We encourage students in the North Carolina Community College System and elsewhere to consider transferring into the Computer Science major at Western Carolina University. If the answers below do not answer all of your questions, feel free to contact the Department of Mathematics and Computer Science by phone at 828-227-7245 or by email at

1. What courses from the North Carolina Community College System transfer with credit towards the Computer Science major at WCU?

You can receive credit for CS 150 by completing one of two sequences. The first sequence consists of the Java courses CSC 151/CSC 251 and the second sequence consists of the Python courses CSC 121/CSC 221. Both courses for the chosen sequence must be completed to receive credit.

2. Is transfer credit given for any other courses?

This is determined on a case-by-case basis and may require that you submit syllabi and/or completed projects for evaluation by the department. Any additional steps that may be allowed or required for credit is at the discretion of the department.

3. What is taught in CS 150?

CS 150 is the first programming and problem-solving course in the Computer Science major. The course consists of lecture and hands-on application, both in Python. The lecture covers data types, variables, decision structures (such as if-else), loops, one-dimensional lists, two-dimensional lists, clones, and objects. The hands-on portion takes place in a required laboratory and during the completion of substantial outside projects (some of which may require several hundred lines of code). In the hands-on portion of the course, students are required to utilize syntax learned in lecture to solve non-trivial problems. The textbook currently used in CS 150 is Python Programming: An Introduction to Computer Science, 2nd Edition by Zelle.  A good guide for what topics are included in CS 150 can be found in chapters 1-11, 13, 16, and 17 of How to Think Like a Computer Scientist.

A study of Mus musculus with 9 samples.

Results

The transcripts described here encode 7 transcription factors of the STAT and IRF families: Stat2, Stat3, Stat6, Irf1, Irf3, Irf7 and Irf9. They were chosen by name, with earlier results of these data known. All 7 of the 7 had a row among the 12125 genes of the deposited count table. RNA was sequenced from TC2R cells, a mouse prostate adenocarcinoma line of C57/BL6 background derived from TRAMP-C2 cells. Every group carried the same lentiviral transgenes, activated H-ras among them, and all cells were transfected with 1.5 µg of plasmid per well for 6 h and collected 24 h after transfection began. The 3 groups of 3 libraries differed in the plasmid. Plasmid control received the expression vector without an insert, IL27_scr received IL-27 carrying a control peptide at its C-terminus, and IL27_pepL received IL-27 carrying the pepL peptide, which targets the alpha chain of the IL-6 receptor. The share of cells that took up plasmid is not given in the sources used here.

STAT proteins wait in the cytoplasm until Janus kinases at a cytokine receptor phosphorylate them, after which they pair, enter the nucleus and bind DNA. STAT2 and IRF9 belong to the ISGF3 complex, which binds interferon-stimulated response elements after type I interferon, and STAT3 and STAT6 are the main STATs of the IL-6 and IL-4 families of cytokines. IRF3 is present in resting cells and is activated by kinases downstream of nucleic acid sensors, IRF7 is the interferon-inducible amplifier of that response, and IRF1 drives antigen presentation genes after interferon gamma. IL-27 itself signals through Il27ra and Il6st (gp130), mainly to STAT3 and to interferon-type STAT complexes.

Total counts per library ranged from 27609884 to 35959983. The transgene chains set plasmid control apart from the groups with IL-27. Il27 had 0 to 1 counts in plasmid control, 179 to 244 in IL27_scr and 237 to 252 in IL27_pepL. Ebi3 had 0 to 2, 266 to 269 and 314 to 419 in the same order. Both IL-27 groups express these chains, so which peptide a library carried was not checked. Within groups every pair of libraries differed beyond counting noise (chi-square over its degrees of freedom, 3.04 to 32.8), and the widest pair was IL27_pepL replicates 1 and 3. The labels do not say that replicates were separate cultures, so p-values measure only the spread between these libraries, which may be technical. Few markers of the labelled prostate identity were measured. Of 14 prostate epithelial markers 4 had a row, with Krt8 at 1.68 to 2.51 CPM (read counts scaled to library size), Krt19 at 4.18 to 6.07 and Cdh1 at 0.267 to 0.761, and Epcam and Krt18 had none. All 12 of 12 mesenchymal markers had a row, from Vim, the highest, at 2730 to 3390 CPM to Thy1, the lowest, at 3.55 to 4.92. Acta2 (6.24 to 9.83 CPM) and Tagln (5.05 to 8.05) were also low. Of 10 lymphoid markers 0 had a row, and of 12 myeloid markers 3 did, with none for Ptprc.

4. What is taught in CS 151?

In addition to a brief introduction to how Java treats topics introduced in CS 150, this second course is a deep exploration of inheritance, polymorphism, generics, recursion, and sorting in Java. Students will be also be expected to develop and utilize implementations for more advanced structures including linked lists, stacks, queues, and deques. CS 151 consists of a lecture and hand-on portions (laboratory and outside projects).

 5. How quickly can the CS major be completed if I receive credit for CS 150?

If all liberal studies, Calculus I, and sciences approved for the Computer Science major are completed before entrance, the major can be completed in five semesters. Completion in five semesters is challenging because it requires registering for concentrated loads of Computer Science courses. Learn more about our five-semester plan for majoring in Computer Science.

If you find that you wish to extend your plan to six semesters, that leaves room for a lighter Computer Science load for any given semester, as well as possibilities for completing a minor or a double major. Although not required, we encourage the completion of a minor or a double major, especially in Mathematics. Learn more about our six-semester plan for double majoring in Computer Science and Mathematics.

6. How often are your courses taught?

CS 150, CS 151, and CS 253 are offered every Fall and Spring semester because they are either prerequisites or corequisites for all upper-level courses. The remainder of the required Computer Science courses are offered yearly. Typically, one elective is offered each Fall and Spring on a rotating basis. Computer Science courses are not usually offered in the summer. Learn more about when specific courses are scheduled to be offered.